The "cunning folk" were the professional or semi-professional practitioners of magic active from the fifteenth century to the early twentieth century. They practiced folk magic, also known as "low magic." Such people were frequently known as "wise men" or "wise women."
Certain Christian theologians and church authorities believed that the cunning folk, being practitioners of magic, were in league with the devil. Laws were enacted across England, Scotland and Wales that condemned cunning folk and their magical practices, but widespread persecution was not prevalent as the cunning folk were seen as useful. Witches, in contrast, were seen as harmful and evil, and subjected to Witch Hunts.
The Witchcraft Act of 1542 targeted both witches and cunning folk, and prescribed the death penalty for such crimes as using invocations and conjurations to locate treasure or to cast a love spell. The law was however repealed in 1547.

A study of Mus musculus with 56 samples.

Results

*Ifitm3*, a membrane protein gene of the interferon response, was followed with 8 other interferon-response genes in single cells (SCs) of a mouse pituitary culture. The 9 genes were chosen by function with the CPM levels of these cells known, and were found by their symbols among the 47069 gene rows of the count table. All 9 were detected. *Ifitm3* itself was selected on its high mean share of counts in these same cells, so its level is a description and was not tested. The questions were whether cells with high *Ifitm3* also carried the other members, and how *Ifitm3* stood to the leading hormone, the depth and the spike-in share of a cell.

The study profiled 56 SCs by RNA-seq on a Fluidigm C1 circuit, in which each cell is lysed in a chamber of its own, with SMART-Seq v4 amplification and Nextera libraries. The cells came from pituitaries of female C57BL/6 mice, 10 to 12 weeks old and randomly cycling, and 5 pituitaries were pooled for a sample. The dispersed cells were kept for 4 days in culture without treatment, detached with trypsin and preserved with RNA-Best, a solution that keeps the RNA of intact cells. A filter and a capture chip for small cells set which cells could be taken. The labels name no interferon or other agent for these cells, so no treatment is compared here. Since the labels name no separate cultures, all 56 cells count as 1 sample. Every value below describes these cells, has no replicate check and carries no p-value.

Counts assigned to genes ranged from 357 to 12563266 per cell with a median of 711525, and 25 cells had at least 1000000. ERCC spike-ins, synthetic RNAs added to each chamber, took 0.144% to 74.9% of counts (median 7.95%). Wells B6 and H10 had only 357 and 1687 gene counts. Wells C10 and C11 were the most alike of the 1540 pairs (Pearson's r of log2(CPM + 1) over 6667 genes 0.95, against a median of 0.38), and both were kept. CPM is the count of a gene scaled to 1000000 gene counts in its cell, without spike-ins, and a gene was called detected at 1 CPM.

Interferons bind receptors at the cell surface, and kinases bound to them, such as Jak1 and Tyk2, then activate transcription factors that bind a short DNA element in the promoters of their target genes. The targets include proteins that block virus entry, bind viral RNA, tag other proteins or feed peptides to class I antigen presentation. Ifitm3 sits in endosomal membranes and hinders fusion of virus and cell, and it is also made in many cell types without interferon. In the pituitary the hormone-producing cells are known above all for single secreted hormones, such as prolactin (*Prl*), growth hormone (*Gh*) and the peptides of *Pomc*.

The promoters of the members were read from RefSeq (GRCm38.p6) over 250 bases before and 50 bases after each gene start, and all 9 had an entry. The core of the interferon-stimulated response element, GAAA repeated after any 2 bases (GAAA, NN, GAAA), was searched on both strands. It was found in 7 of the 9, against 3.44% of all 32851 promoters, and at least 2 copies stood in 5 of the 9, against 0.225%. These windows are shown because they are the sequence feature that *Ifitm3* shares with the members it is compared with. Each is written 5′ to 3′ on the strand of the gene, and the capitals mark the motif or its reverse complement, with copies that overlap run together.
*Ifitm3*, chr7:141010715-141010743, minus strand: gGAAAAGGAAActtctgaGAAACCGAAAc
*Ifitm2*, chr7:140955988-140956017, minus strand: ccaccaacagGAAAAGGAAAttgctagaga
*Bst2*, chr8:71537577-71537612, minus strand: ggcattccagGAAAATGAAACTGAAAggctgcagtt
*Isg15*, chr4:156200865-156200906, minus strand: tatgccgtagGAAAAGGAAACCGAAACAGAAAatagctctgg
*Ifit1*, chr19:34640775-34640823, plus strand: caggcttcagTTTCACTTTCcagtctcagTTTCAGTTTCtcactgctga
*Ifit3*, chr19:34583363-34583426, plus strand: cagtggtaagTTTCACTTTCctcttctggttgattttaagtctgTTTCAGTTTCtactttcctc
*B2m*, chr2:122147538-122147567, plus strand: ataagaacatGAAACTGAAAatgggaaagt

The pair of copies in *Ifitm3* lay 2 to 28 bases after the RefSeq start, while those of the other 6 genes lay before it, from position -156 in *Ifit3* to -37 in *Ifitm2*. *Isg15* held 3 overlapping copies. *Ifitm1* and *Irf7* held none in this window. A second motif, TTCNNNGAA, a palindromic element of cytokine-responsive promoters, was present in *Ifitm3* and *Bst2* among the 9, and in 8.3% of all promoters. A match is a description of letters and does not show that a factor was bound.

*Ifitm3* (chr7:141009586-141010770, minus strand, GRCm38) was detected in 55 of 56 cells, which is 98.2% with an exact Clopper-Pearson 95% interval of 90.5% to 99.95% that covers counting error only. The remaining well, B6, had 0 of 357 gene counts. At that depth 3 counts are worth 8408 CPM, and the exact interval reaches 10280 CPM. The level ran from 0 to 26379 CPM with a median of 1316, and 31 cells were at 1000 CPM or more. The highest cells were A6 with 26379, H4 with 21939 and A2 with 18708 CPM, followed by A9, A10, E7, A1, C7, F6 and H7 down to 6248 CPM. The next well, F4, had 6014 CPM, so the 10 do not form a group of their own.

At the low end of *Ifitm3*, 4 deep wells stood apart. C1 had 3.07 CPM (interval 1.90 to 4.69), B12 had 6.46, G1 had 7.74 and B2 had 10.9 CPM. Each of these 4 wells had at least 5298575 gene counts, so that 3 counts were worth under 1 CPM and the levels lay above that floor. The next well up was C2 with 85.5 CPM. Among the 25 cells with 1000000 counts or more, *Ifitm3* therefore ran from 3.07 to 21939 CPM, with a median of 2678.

For the following few decades, the magical practices of the cunning folk remained legal, despite opposition from certain religious authorities. In 1563, Parliament passed a law against "Conjurations, Enchantments and Witchcrafts." The death penalty was reserved for those who were believed to have conjured an evil spirit or murdered someone through magical means. The ensuing Witch Hunts largely ignored the cunning folk. In Essex, for example, while about 400 people were tried for witchcraft, only four of these were cunning folk.
The Witch of Endor was called upon by King Saul to summon the ghost of the recently deceased prophet Samuel, in the Bible.
Samuel’s ghost is furious at being roused from the netherworld, and berates Saul for disobeying God. He predicts the downfall of Saul and his army in battle the next day, and that Saul and his sons will join him in the abode of the dead. The next day, Saul’s army is indeed defeated, and Saul commits suicide after being wounded.